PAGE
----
Archbishop of Minneapolis and St. Paul Harry Flynn has ordered an end to lay preaching at parishes in the archdiocese, saying the practice was more widespread than he had realized.
The Catholic Spirit reports that over the past 25 years as many as 29 parishes in the Archdiocese of Minneapolis and St. Paul have used lay preachers at Mass.
In a letter to pastors in January, Archbishop Flynn ordered them to end the practice. He cited the 2004 Vatican instruction “Redemptionis Sacramentum,” which called lay preaching a liturgical abuse. In lay preaching, a non-ordained person reflects on the Gospel reading at the place in Mass reserved for a homily delivered by a priest or a deacon.
Archbishop Flynn said only an ordained man should preach after the Gospel at Mass. He had set his retirement date, May 2, as a deadline for parishes to develop a “pastoral plan” to end lay preaching at Mass.
Patricia Hughes Baumer, who co-founded the lay preaching training organization Partners in Preaching with her husband Fred in 1997, said many lay preachers have expressed “grief and anger” over the archbishop’s directive to stop the practice.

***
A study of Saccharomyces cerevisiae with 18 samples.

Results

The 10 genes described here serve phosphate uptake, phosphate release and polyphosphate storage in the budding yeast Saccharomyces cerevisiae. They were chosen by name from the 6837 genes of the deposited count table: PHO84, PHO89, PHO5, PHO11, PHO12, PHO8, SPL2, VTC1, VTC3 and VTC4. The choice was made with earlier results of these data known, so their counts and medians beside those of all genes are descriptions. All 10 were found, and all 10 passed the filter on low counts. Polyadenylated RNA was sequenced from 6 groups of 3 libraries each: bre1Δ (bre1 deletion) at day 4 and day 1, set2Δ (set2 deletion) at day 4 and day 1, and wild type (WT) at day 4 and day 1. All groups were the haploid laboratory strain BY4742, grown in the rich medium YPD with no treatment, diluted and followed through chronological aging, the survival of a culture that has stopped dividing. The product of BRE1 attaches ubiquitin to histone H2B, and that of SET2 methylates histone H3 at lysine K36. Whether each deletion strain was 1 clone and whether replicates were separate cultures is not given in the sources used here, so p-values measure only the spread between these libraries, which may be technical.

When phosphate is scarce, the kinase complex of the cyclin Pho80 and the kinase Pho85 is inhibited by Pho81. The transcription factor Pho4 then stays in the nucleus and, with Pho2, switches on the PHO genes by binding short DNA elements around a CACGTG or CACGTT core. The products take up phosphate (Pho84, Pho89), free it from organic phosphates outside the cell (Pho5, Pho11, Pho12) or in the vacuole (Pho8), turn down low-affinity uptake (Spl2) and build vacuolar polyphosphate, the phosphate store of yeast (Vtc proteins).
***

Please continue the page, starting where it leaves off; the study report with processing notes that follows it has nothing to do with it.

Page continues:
Proponents of lay preaching, The Catholic Spirit says, claim that the practice is allowed by canon law and argue both the congregation and the pastors benefit from hearing Gospel reflections from diverse voices.
Some have speculated that Archbishop Flynn wanted to “clean house” before Archbishop John Nienstedt assumed leadership of the archdiocese, though Archbishop Flynn said that was not the case.
Archbishop Flynn told the Catholic Spirit that local leaders in the lay preaching movement were aware of his disapproval. Though he knew that a few parishes used lay preachers, he wrote his January letter only after realizing a larger number of parishes were engaged in the practice.
The archbishop said he had told Baumer on two occasions why the practice cannot be promoted. He said that canon law forbids the practice and insisted that the education, formation, and ordination of priests and deacons make them uniquely suited to preach during Mass.
"There has to be that kind of training and theological background that even a person with a master's degree in theology would not have," he said, according to The Catholic Spirit. "The church does not want people just standing up there and giving opinions or even things they've read in books, but [rather]: What is the clear teaching about this mystery of our faith?”
He said that allowing a non-ordained person to preach would interrupt the action of the Mass. The Scriptures, he said, make it clear that it was the role of presbyters to preach.
“To preach the Gospel is an extremely important part of the mission of any priest - I cannot overemphasize its importance," Archbishop Flynn said. If he did not preach, he said, "I would feel deprived, because this is my vocation to preach the Gospel.”
He said that priests should pray and spend more time preparing their homilies because that is their work.
If a layperson must speak or preach at Mass, the archbishop said, it would be appropriate to do so after the prayer after Communion.